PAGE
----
Use of police force under investigation in Sterling Heights; 2 officers on leave

An alleged domestic assault led to a drunken high-speed chase, culminating in a police use of force.

Police on video: "Get on the ground, get on the ground!"

Garry Young was charged with five felonies and three misdemeanors, including assaulting a police officer, resisting arrest, fleeing, domestic violence, operating with a suspended license.

"There were prior drunk driving charges with this person, and in this case he was double the legal limit, while he was fleeing the officers," said Chief Dale Dwojakowski, Sterling Heights police.

Sterling Heights PD say it started February 25  when they took an assault call on Green Trees Road.

Young is accused of beating his girlfriend, ripping her clothes off — and choking her 16-year-old daughter, who tried to stop him.

Victim on police video "He told me to shut the **** up. "

Police officer on video: "And he put his arms around you?"

Victim: "Yep."

Police officer: "Around your throat?"

Victim: "Yeah, right here."

Police officer: "One hand, two hands?"

Victim: "One."

Young then returned to the house while officers are there. They tried to get him to exit his vehicle — 16 times.

Police say that Young was fiddling with something inside the car — and were warned — he could be armed. It turns out, it was pepper spray.

At the same time, officers deployed stopsticks.

Young fled in his vehicle — and the sticks blew out one of his tires. Police, knowing he was drunk and already allegedly hurt a child, pursued.

"We wanted to get him in custody and we wanted to make sure the people inside that house were safe," said Dwojakowski. "And we thought that was the most prudent thing to do."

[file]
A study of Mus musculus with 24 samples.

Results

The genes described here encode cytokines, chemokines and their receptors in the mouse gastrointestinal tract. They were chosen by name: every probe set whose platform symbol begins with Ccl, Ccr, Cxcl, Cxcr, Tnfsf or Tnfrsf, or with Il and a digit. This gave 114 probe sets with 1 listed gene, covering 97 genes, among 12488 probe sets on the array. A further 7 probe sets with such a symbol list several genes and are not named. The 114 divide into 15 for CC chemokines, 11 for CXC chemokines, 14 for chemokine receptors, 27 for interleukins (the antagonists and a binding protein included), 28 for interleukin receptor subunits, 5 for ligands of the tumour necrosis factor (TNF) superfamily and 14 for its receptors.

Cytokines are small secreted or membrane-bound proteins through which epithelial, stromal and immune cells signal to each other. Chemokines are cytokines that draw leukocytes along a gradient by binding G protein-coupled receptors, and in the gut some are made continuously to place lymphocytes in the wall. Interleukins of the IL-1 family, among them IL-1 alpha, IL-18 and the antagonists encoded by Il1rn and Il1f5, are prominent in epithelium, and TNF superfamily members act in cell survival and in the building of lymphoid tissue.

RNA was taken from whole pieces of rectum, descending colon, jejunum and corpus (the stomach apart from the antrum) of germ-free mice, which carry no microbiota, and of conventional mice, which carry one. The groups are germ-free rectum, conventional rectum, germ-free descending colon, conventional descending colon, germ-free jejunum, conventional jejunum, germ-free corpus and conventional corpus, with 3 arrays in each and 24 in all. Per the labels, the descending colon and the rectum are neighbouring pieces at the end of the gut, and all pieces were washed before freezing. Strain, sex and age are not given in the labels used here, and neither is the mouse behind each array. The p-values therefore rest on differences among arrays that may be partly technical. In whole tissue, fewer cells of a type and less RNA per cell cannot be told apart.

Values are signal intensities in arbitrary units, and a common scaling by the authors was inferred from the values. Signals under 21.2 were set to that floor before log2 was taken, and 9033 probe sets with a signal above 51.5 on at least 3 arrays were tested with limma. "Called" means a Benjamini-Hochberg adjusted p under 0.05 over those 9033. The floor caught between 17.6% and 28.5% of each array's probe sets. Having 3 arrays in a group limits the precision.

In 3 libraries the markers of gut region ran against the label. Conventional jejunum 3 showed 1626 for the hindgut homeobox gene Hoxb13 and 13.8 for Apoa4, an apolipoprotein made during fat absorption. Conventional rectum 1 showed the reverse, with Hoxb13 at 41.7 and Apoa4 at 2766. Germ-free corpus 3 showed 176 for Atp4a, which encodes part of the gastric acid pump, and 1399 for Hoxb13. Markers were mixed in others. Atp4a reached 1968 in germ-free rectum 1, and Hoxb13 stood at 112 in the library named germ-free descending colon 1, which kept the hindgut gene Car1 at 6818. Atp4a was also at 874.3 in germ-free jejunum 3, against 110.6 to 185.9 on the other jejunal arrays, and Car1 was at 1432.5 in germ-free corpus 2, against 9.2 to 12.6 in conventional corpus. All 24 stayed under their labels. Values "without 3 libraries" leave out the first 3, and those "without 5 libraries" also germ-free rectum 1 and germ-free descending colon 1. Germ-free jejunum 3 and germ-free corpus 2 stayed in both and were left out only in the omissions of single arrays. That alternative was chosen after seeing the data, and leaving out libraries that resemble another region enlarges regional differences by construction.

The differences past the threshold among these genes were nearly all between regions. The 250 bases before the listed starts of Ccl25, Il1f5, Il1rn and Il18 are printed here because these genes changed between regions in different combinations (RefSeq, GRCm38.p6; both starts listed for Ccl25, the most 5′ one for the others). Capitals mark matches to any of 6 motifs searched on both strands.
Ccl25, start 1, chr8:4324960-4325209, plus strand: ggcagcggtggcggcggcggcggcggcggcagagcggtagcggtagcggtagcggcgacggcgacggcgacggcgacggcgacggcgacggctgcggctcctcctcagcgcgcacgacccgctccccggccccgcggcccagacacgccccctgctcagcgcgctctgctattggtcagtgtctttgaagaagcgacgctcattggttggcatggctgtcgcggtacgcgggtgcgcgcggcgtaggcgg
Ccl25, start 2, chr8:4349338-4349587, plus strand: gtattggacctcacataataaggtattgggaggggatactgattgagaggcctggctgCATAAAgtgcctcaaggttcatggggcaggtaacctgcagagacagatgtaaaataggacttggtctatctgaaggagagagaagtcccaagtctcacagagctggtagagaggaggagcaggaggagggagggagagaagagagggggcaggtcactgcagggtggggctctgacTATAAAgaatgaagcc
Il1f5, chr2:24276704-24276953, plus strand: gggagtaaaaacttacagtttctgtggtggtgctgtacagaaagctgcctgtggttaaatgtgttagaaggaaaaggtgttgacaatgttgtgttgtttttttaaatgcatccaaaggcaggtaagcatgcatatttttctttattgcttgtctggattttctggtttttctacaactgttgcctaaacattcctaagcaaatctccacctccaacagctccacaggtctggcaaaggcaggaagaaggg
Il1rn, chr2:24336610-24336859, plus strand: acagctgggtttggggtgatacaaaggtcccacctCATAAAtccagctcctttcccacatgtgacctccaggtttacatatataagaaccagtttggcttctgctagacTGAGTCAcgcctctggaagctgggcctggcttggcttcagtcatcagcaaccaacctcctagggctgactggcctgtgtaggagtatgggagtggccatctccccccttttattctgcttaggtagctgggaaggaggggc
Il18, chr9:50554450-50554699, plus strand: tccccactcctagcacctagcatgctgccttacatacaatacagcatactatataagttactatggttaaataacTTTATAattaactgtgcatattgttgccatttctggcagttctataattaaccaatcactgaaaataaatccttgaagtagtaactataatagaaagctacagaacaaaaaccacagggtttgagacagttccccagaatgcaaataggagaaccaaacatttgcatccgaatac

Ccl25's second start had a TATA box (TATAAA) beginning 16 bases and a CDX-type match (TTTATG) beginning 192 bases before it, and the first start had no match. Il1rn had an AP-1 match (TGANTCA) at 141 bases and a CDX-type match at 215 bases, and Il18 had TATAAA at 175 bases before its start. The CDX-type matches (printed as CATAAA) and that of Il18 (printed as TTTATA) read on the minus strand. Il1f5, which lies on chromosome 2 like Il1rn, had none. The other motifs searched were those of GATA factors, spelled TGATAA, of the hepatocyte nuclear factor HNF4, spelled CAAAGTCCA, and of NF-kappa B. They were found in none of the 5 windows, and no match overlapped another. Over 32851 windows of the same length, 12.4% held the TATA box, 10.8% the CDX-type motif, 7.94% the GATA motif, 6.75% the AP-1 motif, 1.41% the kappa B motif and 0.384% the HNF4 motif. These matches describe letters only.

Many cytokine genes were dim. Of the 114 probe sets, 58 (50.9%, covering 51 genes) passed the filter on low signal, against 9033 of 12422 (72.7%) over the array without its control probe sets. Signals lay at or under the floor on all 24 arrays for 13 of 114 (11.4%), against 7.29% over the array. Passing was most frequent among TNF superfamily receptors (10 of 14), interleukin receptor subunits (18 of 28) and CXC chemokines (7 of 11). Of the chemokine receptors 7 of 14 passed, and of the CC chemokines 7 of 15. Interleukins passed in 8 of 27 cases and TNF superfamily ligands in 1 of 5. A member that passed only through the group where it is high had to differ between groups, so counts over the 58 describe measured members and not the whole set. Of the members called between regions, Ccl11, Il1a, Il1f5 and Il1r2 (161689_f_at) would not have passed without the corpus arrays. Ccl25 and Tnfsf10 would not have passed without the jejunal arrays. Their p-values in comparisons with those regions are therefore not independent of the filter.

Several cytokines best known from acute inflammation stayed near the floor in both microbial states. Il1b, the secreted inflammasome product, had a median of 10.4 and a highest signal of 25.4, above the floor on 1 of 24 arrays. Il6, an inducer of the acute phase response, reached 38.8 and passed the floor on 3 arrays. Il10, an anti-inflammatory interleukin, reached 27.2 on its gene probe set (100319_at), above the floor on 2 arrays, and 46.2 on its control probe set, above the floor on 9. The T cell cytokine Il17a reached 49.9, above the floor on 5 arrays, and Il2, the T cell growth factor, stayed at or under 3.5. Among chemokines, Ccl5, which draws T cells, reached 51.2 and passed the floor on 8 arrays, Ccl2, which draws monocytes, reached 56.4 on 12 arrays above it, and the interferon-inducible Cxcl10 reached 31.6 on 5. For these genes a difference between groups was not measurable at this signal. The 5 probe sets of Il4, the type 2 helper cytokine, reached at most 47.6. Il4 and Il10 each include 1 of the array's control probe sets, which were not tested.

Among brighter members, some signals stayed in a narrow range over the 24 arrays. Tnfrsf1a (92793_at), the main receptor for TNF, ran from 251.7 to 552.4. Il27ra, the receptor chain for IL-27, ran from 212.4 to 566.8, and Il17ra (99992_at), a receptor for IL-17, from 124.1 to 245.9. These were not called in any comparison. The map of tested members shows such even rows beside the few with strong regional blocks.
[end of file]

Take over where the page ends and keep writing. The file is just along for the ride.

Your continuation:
The chase lasted 13 miles — going through six red lights, almost hitting a pedestrian — and with Young receiving two more flat tires.

Once Young's vehicle hobbled to a halt on Gratiot at I-94 — he didn't surrender. And police say they issued 23 more commands to stop resisting.

Police got physical, utilizing a Taser, a K9 which can be seen biting Young — and one officer repeatedly punching Young in the face.

"Whenever force is used in an arrest, it never looks good," the chief said. "That’s why whenever we have these significant events occur, standard protocol and what our policy calls for, is an outside independent investigation."

Two officers in the bodycam footage are on paid leave — as the Macomb County Sheriff’s Office conducts its investigation.

Depending on their findings on whether that level of force was justified, the prosecutor's office will take it from there.

The use of force lasted about a minute and police say after it happened, they say Young was taken for medical attention for minor injuries.

*UPDATE (6:30): Southfield attorney Arnold Reed has been retained by the family of Young in the Feb. 25 arrest. 

Reed compared the use of force to a "gang-style beating" by numerous men who "just happen to wear badges."

"This is disgusting and is not the way law enforcement should conduct themselves. The truth of the matter is, my client was on the ground defenseless," Reed said in a statement. "This is a classic case of extreme and outrageous conduct that could have taken a life. No matter what my client is accused of, what you see on this tape is completely unjustifiable. Animals are treated better."